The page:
Myocardial energetics and clinical response to the cardiotonic agent MDL 17043 in advanced heart failure

Jack L. Martin, Mariell J. Likoff, Joseph S. Janicki, Warren K. Laskey, John W. Hirshfeld, Karl Weber

Research output: Contribution to journalArticle


Cardiotonic agents may prove useful in the long-term treatment of chronic heart failure provided myocardial efficiency is enhanced and clinical status is improved. Accordingly, the short-term hemodynamic and clinical response to the phosphodiesterase inhibitor, MDL 17043, was evaluated. Intravenous increments of 0.05 mg/kg (maximal total 3 mg/kg) were given to a peak cardiac output response in 13 patients with New York Heart Association functional class IV heart failure secondary to ischemic or myopathic disease. Significant (p < 0.05) responses at peak effect (1.7 mg/kg) included an increase in cardiac output (3.5 to 4.6 liters/min) and heart rate (86 to 90 beats/min) and a decrease in pulmonary capillary wedge (25 to 17 mm Hg), mean arterial (85 to 78 mm Hg) and right atrial (10 to 7 mm Hg) pressures. Coronary sinus flow (measured in nine patients) increased (122 to 144 ml/min, p < 0.01) as did myocardial oxygen uptake (14.1 to 15.1 ml/min, p < 0.01), whereas myocardial extraction of oxygen (78 to 72%, p < 0.01) and lactate (24 to 9%, p < 0.01) decreased with three patients producing lactate at the time of their peak cardiac output response. Nine of the 12 patients given longterm oral therapy improved at least one functional class at 2 weeks. This improvement was sustained at 20 weeks in five patients. Thus, MDL 17043 acutely improves the function of the failing heart. However, the decrease in oxygen extraction occurring with increased myocardial oxygen uptake suggests that intracoronary shunting may occur along with an increase in oxygen demand and contribute to myocardial anaerobiosis in some patients. Hence, to assure an optimal response in myocardial energetics to MDL 17043, individual dose titration and hemodynamic monitoring are recommended.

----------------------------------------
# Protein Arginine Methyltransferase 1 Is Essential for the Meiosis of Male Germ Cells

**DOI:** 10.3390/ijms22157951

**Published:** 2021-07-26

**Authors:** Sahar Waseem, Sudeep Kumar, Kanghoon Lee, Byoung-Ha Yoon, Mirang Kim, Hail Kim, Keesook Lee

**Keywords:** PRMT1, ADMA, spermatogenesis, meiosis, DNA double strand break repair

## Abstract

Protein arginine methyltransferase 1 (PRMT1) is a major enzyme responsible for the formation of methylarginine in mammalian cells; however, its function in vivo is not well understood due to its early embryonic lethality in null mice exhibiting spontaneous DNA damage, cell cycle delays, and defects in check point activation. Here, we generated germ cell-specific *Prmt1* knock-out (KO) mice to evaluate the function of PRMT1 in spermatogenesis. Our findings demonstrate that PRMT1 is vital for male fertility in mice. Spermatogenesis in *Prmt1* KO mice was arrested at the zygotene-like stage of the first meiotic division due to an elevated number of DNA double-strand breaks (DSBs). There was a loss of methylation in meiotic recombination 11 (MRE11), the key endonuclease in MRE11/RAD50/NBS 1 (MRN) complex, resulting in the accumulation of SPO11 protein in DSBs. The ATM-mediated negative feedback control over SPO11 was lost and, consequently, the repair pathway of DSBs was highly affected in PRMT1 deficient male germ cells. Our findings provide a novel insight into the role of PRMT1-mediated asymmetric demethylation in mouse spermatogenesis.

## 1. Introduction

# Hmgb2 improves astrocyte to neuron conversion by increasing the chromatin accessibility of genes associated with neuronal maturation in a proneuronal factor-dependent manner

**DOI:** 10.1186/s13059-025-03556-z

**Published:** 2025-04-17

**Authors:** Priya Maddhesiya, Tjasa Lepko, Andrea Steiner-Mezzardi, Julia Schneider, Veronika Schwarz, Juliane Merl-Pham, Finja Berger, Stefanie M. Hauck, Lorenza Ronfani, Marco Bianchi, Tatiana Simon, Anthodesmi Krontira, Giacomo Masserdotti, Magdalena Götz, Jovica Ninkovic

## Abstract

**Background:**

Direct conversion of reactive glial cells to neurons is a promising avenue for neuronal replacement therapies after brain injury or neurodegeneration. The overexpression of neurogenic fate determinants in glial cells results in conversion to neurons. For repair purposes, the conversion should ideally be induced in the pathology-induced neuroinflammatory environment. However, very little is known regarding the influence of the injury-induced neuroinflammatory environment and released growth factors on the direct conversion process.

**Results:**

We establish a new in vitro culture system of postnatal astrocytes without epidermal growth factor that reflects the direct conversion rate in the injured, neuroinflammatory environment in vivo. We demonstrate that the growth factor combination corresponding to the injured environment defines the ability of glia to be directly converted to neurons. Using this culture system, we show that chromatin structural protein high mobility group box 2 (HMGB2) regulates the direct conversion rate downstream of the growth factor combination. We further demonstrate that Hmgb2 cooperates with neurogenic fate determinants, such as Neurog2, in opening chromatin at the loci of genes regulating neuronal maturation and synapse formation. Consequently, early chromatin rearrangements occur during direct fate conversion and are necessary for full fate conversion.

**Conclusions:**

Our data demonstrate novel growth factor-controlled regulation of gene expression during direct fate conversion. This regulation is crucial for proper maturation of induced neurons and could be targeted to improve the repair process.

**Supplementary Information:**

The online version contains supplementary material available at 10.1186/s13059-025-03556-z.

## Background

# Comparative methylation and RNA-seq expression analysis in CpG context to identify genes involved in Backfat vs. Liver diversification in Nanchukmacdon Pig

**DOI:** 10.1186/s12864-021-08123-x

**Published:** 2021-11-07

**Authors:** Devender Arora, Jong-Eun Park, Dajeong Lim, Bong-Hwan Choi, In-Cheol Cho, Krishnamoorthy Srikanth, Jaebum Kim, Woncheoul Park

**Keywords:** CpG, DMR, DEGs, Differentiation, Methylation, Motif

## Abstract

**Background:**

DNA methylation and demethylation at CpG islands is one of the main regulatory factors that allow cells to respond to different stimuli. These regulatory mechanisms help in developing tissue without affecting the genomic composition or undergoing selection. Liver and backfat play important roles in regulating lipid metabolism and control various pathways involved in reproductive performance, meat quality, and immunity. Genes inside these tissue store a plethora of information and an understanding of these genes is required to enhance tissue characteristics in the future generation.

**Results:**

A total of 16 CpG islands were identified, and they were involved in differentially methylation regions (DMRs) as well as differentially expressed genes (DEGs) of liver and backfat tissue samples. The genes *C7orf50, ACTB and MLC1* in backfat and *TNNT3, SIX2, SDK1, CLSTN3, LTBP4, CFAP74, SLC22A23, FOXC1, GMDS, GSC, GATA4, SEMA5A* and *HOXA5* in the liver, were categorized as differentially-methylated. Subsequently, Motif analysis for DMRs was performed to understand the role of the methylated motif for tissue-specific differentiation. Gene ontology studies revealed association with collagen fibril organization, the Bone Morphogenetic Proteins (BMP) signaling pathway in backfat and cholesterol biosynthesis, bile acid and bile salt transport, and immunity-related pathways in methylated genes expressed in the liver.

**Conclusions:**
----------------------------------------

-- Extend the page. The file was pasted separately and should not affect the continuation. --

Original languageEnglish (US)
Pages (from-to)875-883
Number of pages9
JournalJournal of the American College of Cardiology
Volume4
Issue number5
DOIs
StatePublished - Jan 1 1984
Externally publishedYes

Cardiotonic Agents
Heart Failure
Oxygen
Cardiac Output
Lactic Acid
Hemodynamics
Anaerobiosis
Phosphodiesterase Inhibitors
Coronary Sinus
Heart Rate
Pressure
Lung
Therapeutics

All Science Journal Classification (ASJC) codes

  • Cardiology and Cardiovascular Medicine

Cite this

Myocardial energetics and clinical response to the cardiotonic agent MDL 17043 in advanced heart failure. / Martin, Jack L.; Likoff, Mariell J.; Janicki, Joseph S.; Laskey, Warren K.; Hirshfeld, John W.; Weber, Karl.

In: Journal of the American College of Cardiology, Vol. 4, No. 5, 01.01.1984, p. 875-883.

Research output: Contribution to journalArticle

Martin, Jack L. ; Likoff, Mariell J. ; Janicki, Joseph S. ; Laskey, Warren K. ; Hirshfeld, John W. ; Weber, Karl. / Myocardial energetics and clinical response to the cardiotonic agent MDL 17043 in advanced heart failure. In: Journal of the American College of Cardiology. 1984 ; Vol. 4, No. 5. pp. 875-883.